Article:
What challenges does democratic civic education face today?
Among the most difficult challenges is recognizing and rewarding scholars for their work in support of civic engagement. Many institutions of higher education do not reward faculty who participate in community-based research or service-learning by factoring their involvement into tenure and promotion (RTP) decision-making processes. Formal recognition of faculty work in civic engagement is crucial, because lack of recognition is one of the biggest barriers to obtaining faculty buy-in, especially during the “formative years” of a young scholar’s career. At present, individual achievement, especially publication in academic journals, is still the most important path to promotion and tenure. Until colleges and universities adopt civic engagement as a core value and purpose, and in consequence insist that departments do so demonstrably as well, too many academics will keep digging deeper into the esoterica of their particular disciplines while paying scant attention to what’s going on outside the institution’s walls.
Another challenge for civic engagement is how to integrate democratic political knowledge and skills into discipline-based courses that are not in political science or related disciplines. Although faculty may be interested in the policy dimensions of their discipline, they may be unfamiliar with how to teach the concepts and practices of democratic engagement. Consequently, even faculty members who embrace the notion of service learning as a crucial supplement to disciplinary content may lack the strategies and techniques needed to develop their students’ civic capacities.
There are also ideological challenges. For some people, for example, the concept of “social justice” implies taking sides and is often associated with partisan liberal activism. These folks resist linking civic engagement and social justice. They cite numerous efforts by various organizations and interest groups to limit or eliminate courses that appear to promote a liberal political agenda.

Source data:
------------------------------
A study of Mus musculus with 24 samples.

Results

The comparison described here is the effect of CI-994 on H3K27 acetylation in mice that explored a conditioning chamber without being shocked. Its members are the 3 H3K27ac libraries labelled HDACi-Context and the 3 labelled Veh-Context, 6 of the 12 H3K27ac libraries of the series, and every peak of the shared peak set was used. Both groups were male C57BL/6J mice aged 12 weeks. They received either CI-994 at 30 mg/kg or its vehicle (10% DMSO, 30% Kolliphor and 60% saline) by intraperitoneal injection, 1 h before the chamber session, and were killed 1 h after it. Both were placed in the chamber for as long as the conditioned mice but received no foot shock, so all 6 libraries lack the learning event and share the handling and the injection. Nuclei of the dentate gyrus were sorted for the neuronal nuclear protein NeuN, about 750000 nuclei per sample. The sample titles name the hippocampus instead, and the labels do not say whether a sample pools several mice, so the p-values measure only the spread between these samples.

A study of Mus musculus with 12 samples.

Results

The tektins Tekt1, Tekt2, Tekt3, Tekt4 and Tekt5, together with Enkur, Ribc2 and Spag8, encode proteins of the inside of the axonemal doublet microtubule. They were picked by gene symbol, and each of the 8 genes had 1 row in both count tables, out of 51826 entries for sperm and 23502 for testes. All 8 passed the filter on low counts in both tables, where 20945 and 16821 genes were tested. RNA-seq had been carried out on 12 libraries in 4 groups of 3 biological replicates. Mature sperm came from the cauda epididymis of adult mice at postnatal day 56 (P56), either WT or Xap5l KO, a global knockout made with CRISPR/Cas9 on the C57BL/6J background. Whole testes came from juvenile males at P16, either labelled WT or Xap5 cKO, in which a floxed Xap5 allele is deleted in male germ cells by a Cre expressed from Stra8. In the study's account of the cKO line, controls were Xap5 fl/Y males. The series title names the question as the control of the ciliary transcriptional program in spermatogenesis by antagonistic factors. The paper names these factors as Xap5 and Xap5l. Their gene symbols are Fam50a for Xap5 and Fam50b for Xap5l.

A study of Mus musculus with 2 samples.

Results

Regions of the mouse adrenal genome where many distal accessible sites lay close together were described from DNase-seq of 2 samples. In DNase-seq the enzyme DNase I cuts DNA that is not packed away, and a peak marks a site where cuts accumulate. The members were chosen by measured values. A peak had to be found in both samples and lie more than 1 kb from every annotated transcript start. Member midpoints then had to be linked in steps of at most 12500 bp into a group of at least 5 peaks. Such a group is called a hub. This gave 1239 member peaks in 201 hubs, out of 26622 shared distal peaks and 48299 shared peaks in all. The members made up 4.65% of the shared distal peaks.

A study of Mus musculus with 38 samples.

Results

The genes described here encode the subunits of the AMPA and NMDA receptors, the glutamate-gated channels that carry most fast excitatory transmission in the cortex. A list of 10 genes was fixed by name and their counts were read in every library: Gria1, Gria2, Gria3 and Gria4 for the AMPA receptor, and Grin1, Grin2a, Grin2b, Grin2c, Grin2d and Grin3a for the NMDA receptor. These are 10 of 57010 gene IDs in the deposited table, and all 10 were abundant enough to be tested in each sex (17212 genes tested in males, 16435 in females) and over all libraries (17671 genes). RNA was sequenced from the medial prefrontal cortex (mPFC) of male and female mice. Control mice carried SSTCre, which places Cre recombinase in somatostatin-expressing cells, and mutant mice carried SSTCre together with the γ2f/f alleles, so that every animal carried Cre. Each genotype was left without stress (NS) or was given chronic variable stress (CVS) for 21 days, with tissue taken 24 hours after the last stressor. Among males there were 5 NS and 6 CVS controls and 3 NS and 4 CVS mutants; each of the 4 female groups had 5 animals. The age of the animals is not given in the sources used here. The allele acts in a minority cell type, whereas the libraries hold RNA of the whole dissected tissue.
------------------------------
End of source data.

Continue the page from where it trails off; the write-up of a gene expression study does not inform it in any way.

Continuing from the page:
Butin (2006) suggests that “service learning [understood] as a progressive and liberal agenda under the guise of a universal transformative practice” runs the risk of being attacked or misappropriated. He contends that conservatives can argue that “service learning offices are indoctrinating first-year students into biased, unscientific, and indefensible liberal group-think practices.” He concludes that the political dimension of service learning is caught in a no-win situation. On one hand, service learning faces criticism, censure, and sanctions if it incorporates liberal traditions of political transformation. On the other hand, if it remains apolitical or politically balanced, service learning is limited in making any real differences in society.
Such charges can be seen for what they are—rhetorical weapons for undermining the practice of democracy—if we hold fast to the principle that “when all are affected, all must decide.” If support for democracy is “biased,” then we ought to acknowledge our commitment to this foundational principle and ask critics to explain why we should refrain from teaching it. Civic engagement as an educational strategy must have a democratic political orientation that places at its core the cultivation of judgment and the acquisition of the skills and dispositions that make it possible for a group of citizens to arrive at a coherent collective judgment. Here, “political” is not connected, as it typically is in common parlance, with “partisan politics” or with “influencing government.” Rather, it means “having to do with the collective making of choices for the good of the polis (in Latin, the civitas)—the community.”
 Even topics such as “sustainability,” which from one point of view should be a matter of universal concern, in practice often become a kind of litmus test of ideological predisposition.